48th Annual Conference – June 8–10 University of Tübingen

For the Symposia session “Can we Measure Consciousness in Infants and Fetuses?” Dr. Katrin Sippel presented her research on “P3b-like Responses In Newborns And Fetuses As Possible
Evidence Of Consciousness”


Abstract of the talk:
The developmental stage at which consciousness emerges is uncertain. Given that fetuses and infants cannot answer questions or self-report their conscious state, neural markers of consciousness are perhaps crucial to investigating the possibility of subjective experience in the perinatal period. In particular, the P3b or late slow wave (LSW) component is a cortical evoked signal associated with a reorienting of attention and possibly conscious processing, which can be recorded noninvasively with magnetoencephalography (MEG).
Thus, to investigate the possibility of perinatal consciousness, our research group recorded cortical MEG responses to auditory irregularities in fetuses and newborns. Specifically, we utilized the auditory local global paradigm introduced by Bekinschtein et al. (2009 PNAS) to test for evidence of Bayesian prediction errors in fetuses and newborns. This paradigm involves auditory irregularities (i.e., low probability “oddball” stimuli) both within-trials (“local violations”) and between-trials (“global violations”).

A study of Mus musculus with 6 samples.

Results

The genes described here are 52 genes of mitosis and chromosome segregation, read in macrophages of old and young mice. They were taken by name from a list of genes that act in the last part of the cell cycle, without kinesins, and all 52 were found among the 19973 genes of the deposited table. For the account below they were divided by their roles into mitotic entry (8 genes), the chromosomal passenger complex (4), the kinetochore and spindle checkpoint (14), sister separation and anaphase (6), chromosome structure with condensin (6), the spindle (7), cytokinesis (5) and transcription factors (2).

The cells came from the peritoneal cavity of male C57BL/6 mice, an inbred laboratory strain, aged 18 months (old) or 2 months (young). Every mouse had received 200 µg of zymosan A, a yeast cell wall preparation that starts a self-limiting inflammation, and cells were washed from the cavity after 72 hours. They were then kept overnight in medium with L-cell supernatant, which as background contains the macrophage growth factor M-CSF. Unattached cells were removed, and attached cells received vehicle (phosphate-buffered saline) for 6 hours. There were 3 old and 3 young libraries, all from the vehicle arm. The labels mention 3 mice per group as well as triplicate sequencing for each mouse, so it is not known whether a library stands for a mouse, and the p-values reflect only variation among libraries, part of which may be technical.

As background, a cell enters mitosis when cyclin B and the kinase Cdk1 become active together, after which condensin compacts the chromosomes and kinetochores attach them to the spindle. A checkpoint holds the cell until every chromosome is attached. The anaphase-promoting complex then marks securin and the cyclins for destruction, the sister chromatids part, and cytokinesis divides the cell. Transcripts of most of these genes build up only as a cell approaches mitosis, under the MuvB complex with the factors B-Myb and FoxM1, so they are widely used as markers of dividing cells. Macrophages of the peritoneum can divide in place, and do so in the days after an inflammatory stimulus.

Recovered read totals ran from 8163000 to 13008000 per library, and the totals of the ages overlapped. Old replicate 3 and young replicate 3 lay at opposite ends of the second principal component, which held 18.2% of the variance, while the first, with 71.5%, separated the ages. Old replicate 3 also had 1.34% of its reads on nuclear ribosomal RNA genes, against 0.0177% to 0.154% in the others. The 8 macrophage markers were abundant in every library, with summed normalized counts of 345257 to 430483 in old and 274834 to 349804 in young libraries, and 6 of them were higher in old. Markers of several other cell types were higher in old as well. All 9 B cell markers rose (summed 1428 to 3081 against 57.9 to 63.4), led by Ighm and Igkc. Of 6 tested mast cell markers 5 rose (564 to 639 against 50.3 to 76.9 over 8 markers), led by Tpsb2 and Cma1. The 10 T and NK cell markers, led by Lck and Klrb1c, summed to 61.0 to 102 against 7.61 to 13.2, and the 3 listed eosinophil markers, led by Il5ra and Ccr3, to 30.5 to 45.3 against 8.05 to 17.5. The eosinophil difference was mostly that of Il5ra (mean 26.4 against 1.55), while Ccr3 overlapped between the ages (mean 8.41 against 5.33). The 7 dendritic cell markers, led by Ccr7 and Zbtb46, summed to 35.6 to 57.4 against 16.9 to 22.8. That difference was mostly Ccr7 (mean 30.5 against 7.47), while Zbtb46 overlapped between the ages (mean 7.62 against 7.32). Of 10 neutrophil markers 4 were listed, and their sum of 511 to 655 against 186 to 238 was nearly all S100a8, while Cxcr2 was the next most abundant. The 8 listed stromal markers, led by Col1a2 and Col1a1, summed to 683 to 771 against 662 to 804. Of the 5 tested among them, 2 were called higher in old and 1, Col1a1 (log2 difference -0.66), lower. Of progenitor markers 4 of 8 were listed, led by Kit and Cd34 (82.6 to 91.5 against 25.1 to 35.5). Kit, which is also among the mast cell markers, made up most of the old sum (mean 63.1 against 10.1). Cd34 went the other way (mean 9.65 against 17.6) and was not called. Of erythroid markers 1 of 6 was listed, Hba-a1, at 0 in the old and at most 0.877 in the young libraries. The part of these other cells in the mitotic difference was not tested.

While it is arguable that the brain might process local rule violations unconsciously, cortical responses to global rule violations are stronger evidence of consciousness. We found that fetuses and newborns showed a clear LSW (analogous to the adult P3b response), indicating hierarchical rule learning. Notably, this response was limited to active behavioral states, consistent with an explanation that the fetuses and newborns do not recognize global rule violations when they are in quiet sleep. Although these findings are highly suggestive of perinatal consciousness, the sensitivity and specificity of the P3b response has been questioned; thus, future work should also look at alternative markers such as MEG signal entropy or perturbational complexity.